US Forces Train for Search and Rescue in East Africa

On January 12th, elements of the US Army’s East Africa Response Force (EARF) and US Air Force expeditionary rescue squadrons conducted a joint training exercise at the Grand Bara Range in Djibouti.  The soldiers for 1st Battalion, 18th Infantry Regiment, the current force provider for the EARF teamed up aircrews and pararescuemen from the 81st and 82d Expeditionary Rescue Squadrons (ERQS) respectively.  All of these units are based at Camp Lemonnier, also in Djibouti.

Soldiers of the 1st Battalion, 18th Infantry Regiment, assigned to the East Africa Response Force, provide security as pararescuemen of the 82d Expeditionary Rescue Squadron (ERQS) return to an HC-130 of the 81st ERQS during a training exercise on January 12th, 2014.

Soldiers of the 1st Battalion, 18th Infantry Regiment, assigned to the East Africa Response Force, provide security as pararescuemen of the 82d Expeditionary Rescue Squadron (ERQS) return to an HC-130 of the 81st ERQS during a training exercise on January 12th, 2014.

The exercise was designed to help Air Force personnel “maintain proficiency in advanced parachuting, rapid vehicle movement, infiltration and exfiltration” and give Army forces a chance to “[enhance] their skills in aircraft security measures.”  During the exercise, HC-130 aircraft from the 81st ERQS landed in the Grand Bara Range and deployed pararescuemen and EARF soldiers, the latter of which secured the landing zone.  Such a method could potentially be employed to rescue personnel should a US aircraft go down somewhere in the region.

A pararescuman of the 82d Expeditionary Rescue Squadron jumps from an HH-60G of the 303d ERQS during Neptune's Falcon, a joint training exercise with the US Navy's Coastal Riverine Squadron One-Forward off the coast of Djibouti on December 20th, 2013.

A pararescueman of the 82d Expeditionary Rescue Squadron jumps from an HH-60G of the 303d ERQS during Neptune’s Falcon, a joint training exercise with the US Navy’s Coastal Riverine Squadron One-Forward off the coast of Djibouti on December 20th, 2013.

This search and rescue focused joint exercise follows another one held in Djibouti this past December.  During that exercise, called Neptune’s Falcon, personnel from the Navy’s Coastal Riverine Squadron One – Forward teamed up with pararescuemen from the 82d ERQS and HH-60G helicopters from the 303d ERQS to train off the coast of Djibouti.  The 303d ERQS is also stationed at Camp Lemonnier, and together with the 81st and 82d ERQS make up the 449th Air Expeditionary Group.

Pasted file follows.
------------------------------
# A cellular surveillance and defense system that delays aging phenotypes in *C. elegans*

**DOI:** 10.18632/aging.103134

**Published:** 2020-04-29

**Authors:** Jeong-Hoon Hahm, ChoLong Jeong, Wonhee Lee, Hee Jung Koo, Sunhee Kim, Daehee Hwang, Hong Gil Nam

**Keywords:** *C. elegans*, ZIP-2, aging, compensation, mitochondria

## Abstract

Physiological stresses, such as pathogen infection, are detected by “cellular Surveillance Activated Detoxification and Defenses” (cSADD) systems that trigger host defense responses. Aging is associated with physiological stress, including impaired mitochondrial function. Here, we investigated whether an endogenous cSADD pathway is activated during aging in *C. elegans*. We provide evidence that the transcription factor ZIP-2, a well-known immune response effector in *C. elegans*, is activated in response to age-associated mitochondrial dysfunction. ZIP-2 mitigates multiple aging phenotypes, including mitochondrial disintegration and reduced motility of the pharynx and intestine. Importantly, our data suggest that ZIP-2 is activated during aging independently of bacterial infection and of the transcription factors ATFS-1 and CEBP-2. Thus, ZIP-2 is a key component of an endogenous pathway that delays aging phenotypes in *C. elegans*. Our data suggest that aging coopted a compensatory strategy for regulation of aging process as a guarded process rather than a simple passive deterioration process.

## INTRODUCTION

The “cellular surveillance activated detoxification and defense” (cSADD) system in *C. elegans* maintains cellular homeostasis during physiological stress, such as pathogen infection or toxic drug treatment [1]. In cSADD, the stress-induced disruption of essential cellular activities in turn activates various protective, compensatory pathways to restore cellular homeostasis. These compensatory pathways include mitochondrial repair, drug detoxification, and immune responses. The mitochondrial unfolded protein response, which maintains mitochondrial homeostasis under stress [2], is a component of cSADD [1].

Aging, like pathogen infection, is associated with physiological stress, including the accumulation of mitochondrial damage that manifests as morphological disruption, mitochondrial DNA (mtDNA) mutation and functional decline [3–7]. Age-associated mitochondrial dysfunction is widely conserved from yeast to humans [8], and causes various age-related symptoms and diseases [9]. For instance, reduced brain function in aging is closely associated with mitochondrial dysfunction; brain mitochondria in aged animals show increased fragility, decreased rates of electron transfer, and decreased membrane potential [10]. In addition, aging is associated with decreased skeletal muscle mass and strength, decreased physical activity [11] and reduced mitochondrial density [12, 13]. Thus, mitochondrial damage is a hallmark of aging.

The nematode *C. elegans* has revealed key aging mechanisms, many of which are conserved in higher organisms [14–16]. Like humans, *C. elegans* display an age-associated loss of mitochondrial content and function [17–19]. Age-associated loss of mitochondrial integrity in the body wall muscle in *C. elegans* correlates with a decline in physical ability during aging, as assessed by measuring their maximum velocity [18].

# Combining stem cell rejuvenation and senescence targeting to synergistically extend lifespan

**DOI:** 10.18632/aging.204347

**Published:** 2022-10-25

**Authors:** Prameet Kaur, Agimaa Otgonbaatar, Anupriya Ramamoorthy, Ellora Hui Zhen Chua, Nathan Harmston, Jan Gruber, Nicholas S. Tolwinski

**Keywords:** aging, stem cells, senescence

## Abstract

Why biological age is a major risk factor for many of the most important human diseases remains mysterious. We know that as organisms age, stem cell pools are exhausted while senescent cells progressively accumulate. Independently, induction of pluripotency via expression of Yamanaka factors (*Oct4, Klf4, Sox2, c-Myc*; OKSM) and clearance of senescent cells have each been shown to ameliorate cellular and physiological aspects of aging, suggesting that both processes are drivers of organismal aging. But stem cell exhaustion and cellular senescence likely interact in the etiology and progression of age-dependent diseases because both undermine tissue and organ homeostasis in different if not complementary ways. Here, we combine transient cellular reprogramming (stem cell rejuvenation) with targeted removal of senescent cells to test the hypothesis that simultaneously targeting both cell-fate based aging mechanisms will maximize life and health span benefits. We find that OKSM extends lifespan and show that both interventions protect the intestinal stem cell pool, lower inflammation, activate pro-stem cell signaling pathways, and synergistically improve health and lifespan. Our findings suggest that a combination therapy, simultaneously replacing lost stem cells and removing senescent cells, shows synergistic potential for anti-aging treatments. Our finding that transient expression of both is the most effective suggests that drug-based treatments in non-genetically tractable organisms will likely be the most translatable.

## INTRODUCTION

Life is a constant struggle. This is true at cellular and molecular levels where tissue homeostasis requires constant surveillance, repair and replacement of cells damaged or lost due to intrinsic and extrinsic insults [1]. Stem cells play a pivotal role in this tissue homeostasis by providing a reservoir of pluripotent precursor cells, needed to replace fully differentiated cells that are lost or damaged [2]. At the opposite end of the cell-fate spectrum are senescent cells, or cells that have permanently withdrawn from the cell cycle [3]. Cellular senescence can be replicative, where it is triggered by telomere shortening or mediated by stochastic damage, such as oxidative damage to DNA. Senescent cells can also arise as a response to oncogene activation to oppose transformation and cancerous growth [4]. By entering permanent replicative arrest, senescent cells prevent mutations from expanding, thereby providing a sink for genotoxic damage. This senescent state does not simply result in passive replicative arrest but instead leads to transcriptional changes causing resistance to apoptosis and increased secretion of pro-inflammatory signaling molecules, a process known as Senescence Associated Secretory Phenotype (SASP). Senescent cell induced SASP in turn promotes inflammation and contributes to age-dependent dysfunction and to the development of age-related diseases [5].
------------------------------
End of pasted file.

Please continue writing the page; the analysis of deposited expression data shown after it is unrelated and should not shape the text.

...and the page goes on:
These missions are more than just common scenarios as well.  In an attempt to rescue US and other foreign nationals from the South Sudanese town of Bor last year, CV-22s from the Air Force Special Operations Command took damage and were forced to abort the mission.  While the three aircraft made it safely to Entebbe in Uganda, there was of course the possibility the aircraft might not have made it and been forced down in a hostile area. Another example is that of the crash near Camp Lemonnier of an Air Force Special Operations Command U-28A in February 2012.  The aircraft had been returning from an intelligence gathering mission.

Nor are US operations limited to Camp Lemonnier or Entebbe.  US forces routinely operate from various locations in east Africa to conduct counterterrrorism operations and intelligence overflights, as well as training exercises.  On January 23rd, the Defense Logistics Agency announced a solicitation for a contract to provide “Petroleum Fuel Support For Various DoD Activities In Africa.”  This three year contract includes requirements to supply jet fuel to Camp Lemonnier and Chabelley Airfield in Djibouti, Arba Minch Airport in Ethiopia, and Manda Bay in Kenya.  DoD has requirements for the supply of other fuel types like regular gasoline and diesel fuels to other locations in Central African Republic, Niger, South Sudan, and the Island of Sao Tome (where the requirement is said to be in support of the operation a Voice of American radio relay station).

With this increased US engagement in Africa comes increased potential for both hostile activity and accidents, which would in turn require search and rescue operations.  It is likely that these sort of exercises will continue, especially in the near future with the current emphasis on rapidly deploying elements to and around the continent by air.